With our 1975 Trans Am build well underway, the RKM Performance Center is excited to highlight a second project: the ground-up restoration of this 1960 Impala. Like many of today’s classic car enthusiasts, the car’s owner wanted a serious pro-tourer. That said, he decided to go with something a little less traditional than the average pony car. After a few meetings, we provided knock-out specs that included fresh upholstery, a 430 horsepower LS3, a Tremec 5-speed transmission and a custom Roadster Shop Fast Track Stage III chassis. And a few weeks later, he provided a clean Chevy resto-mod that would serve as a solid starting point.
At least, that’s what we all thought. During disassembly we were pretty optimistic about the coupe’s body, because the hood, fenders and doors appeared very well kept. And the quarters, despite being patched at one time, were well-restored and certainly salvageable. Unfortunately, that optimism quickly faded as we started pulling the carpet from the car’s massive trunk. Despite being patched, the trunk pan was so thin that, in places, it wouldn’t take much to put your hand through it. That blight only worsened when we started pulling carpet from the interior, as we discovered badly rotted floors that were held together, albeit just barely, with insulation and sheetmetal. At this point, it was safe to assume that our Impala build would be very much the opposite of our Trans Am build. Where that car was a super clean strip-and-assemble that required minimal body work, this Impala would be the kind of challenge that, in the words of Fab Manager Darell Johnston: “separates the boys from the men.”
We all know this isn’t a rare phenomenon. Finding cars that look good on the outside and need lots of work beneath the surface is pretty commonplace in a hobby that celebrates over a century of history. Fortunately, much of this Chevy’s original trim is perfectly usable, and a full-size table of baubles and bolt-ons will be shipped to Advanced Plating in Nashville, Tennessee for the full show treatment. After hours of sanding, the car’s removable panels look surprisingly good. The fenders appear to be rust-free, untouched originals, only needing a bit of straightening on one side -- possibly from a minor run-in with a mailbox. Likewise, the doors appear to be solid originals that have been patched at some point. The hood and trunk will probably be the easiest parts of the rehab. But, when it comes to this Impala’s fuselage, well, we’ll let the pictures do the initial talking…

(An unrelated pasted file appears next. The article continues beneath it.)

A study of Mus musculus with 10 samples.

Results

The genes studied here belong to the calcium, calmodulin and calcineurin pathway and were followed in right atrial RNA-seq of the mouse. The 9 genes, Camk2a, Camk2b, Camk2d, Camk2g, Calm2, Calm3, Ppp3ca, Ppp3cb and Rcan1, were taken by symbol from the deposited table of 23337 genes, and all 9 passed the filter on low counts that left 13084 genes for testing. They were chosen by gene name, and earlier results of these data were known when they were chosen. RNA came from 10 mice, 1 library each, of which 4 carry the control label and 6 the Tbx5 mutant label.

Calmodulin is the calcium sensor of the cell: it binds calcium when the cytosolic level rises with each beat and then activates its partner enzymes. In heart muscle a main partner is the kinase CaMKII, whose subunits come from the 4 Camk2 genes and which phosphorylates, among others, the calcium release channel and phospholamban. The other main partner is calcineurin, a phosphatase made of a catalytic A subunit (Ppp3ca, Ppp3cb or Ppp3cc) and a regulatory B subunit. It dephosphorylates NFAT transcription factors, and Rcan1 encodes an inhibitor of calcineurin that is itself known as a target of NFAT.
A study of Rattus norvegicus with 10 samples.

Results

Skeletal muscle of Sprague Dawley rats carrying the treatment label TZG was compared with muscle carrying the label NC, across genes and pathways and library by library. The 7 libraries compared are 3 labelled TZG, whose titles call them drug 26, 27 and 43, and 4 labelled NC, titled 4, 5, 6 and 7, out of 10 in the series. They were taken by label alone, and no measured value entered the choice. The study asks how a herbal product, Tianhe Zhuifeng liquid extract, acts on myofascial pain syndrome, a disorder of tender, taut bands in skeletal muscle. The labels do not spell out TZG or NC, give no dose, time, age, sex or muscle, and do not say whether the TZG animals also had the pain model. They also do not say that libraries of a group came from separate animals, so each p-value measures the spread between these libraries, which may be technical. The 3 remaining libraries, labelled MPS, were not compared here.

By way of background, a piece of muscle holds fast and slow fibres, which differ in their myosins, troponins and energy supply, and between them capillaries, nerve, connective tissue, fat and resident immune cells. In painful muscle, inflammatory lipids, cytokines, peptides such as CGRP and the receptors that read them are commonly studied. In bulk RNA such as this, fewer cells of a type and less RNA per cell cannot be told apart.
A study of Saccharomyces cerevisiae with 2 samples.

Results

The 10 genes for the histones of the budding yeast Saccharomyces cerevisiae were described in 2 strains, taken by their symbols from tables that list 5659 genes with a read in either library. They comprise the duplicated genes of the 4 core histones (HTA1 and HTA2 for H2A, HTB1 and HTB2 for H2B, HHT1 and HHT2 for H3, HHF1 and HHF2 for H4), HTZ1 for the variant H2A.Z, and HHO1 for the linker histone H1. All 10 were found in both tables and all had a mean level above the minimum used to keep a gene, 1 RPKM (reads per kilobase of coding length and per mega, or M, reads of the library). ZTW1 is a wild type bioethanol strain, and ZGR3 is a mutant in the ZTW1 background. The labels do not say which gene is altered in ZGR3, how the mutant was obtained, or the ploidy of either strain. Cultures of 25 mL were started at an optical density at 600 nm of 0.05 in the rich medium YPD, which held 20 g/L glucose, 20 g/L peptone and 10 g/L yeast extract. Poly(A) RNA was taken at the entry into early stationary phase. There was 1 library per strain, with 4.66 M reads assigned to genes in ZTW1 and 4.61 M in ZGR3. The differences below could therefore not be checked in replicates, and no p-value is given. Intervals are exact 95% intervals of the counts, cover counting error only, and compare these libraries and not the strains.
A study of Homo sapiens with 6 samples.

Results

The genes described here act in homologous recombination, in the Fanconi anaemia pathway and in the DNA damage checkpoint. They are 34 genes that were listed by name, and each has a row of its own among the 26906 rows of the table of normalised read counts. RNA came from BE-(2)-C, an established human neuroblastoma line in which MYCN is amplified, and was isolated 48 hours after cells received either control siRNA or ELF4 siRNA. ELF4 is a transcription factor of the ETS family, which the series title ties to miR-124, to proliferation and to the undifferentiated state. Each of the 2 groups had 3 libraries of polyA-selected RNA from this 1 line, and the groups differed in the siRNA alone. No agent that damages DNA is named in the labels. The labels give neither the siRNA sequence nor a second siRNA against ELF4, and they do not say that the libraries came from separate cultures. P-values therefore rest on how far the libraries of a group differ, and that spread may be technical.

Even before the car returned from a full dip at Carolina Chem-Strip, we knew the floors were pretty much wasted. That posed a bit of a problem because, as is the case with many late ‘50s and early ‘60s classics, finding new stampings is a bit difficult. On top of that, new stampings often differ from original equipment in quality and/or design. For instance, at this point, this Impala’s trunk pan is only available in pieces, so we’ll have added labor in their assembly. And when combined with the aforementioned floors, a new transition panel, tubbed wheel wells and, most likely, custom-fabricated drops, this project starts to become very labor-intensive. Progressing out of the trunk reveals a marred channel that’ll need pretty substantial repairs, and a patched and rusted tail panel that we’re fairly certain no one reproduces. Even after the acid, the car’s quarters look pretty good, save for a dot or two of rust. Thankfully, the roof is solid despite a couple of flat spots. Window channels are 50/50, with the windshield channel being okay and the backlite channel needing a lot of TLC. The firewall and toe boards are solid. But the rockers, like the floor, are completely shot both inside and out.
At first glance, this project seems pretty intimidating. But Fab Manager Darell Johnston says he’s certainly seen worse. And since the RKM Performance Center has a full restoration facility, we consider this Chevy a unique opportunity to not only build a serious yet offbeat pro-tourer, but also showcase our world-class expertise. Join us in a few weeks when the welds start fusing and the sparks start flying, as we dive headfirst into fabrication!